Peluso, Beth A. “The Charcoal Forest: How Fire Helps Animals & Plants” (2007). Print.
The excerpts from this book tells how Beth A. Peluso explains exactly how forest fire can acts as a rebirth for the forest instead of just stating all of the negative effects. I have not been able to read this book in its entirety yet but I have purchased and it should arrive by July 15th. I believe it will have an abundance of valuable information.
The wildfires out West have burned hundreds of buildings, rousted thousands of people from their homes and caused millions of dollars in property damage. But people are not the only ones being burned out.
This article from ABC News provides a distilled version of how Forest Fires are caused and how they affect different animals. This source will work well for reinforcement of the basic ideas behind forest fires.
In this article, fire historian Stephen Pyne investigates how some plants, such as Cape Lilies and Lodgepole pines, and even some animals, have adapted to wildfire to such a degree that they can't live without it.
This article provides a well-rounded overview on the history of forest fires. Additionally, this article highlights specific plants and animals that have adapted to thrive following a forest fire. This will serve as a great reference point on how different plants and animals have adapted to forest fires.
This website has a wealth of information in regarding all aspects of forest fires and their affects in the Republic of Cyprus. Although, most of the information I have gathered is from the United State this will serve as something to reinforce the information gather in the States.
The goal of the research featured in this article is to find out if forest fires affect the bark of “longleaf pines.” The researchers had a control group of pines that were untouched by fire and an experiment group that was subjected to fire every two years. Even after 14 years of “bi-annual” fires the experiment group did not show any significant difference from the control group.
Geoff, Geoff G., & Wangen, Steve T., “Does frequent burning affect longleaf pine () bark thickness?” Canadian Journal of Forest Research 41.7 (2011): 1562-1565. Print.
This report first gives a brief synopsis of how fires are started and progress into forest fires, including the “Fire Triangle.” It also provides some insight into plants that have adapted to or have been destroyed by forest fires. Lastly, it tells how forest fires actually work to keep the forest healthy by providing nutrients, removing clutter, etc.
Article on ecology of fires in California – why they are needed, what positive benefit they bring. It also gives a broad spectrum overview of how forest fires affect people but also how people affect forest fires.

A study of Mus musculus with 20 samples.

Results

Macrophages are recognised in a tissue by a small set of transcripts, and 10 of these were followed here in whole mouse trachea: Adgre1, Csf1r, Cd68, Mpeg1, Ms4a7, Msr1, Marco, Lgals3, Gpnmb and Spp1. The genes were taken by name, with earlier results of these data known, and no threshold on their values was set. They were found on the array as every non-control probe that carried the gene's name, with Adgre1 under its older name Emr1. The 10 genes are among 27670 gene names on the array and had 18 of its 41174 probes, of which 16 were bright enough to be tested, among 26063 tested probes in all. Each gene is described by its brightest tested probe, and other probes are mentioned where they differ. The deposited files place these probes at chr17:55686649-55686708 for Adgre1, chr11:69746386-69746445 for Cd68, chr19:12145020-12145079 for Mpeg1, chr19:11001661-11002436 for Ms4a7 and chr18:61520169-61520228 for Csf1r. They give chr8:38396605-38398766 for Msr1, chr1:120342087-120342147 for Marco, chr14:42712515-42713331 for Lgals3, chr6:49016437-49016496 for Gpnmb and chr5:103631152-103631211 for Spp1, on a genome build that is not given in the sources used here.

Forest Service article discussing post-fire management and how different post-fire management techniques affect the regrowth of the forest. Specifically, management efforts could include limiting erosion, limiting timber decay, etc.
This USDA Forest Service research document highlights the effects of Forest Fires on soil and water. Specifically, the document identifies soil properties (including chemistry and physical makeup), and general responses to fire. Additionally, the article discusses how water and wetlands are effected by forest fires.
This article examines the effects on ant populations after forest fires. The researchers focused on “forested sites” and “sagebrush sites” that had been burnt or “undisturbed.” The study first looks at the amount of species and abundance of those species. Secondly, it looks at how those species were forced to change because of the fire.
Christianson, Tim, and Lavigne, Robert. “Effects of the 1988 Fires in Yellowstone National Park, USA, on the Ant Populations.” Journal of the Entomological Research Society 12.3 (2010): 29-37. print.
Sharing your scoops to your social media accounts is a must to distribute your curated content. Not only will it drive traffic and leads through your content, but it will help show your expertise with your followers.
How to integrate my topics' content to my website?
Integrating your curated content to your website or blog will allow you to increase your website visitors’ engagement, boost SEO and acquire new visitors. By redirecting your social media traffic to your website, Scoop.it will also help you generate more qualified traffic and leads from your curation work.
Distributing your curated content through a newsletter is a great way to nurture and engage your email subscribers will developing your traffic and visibility.
Creating engaging newsletters with your curated content is really easy.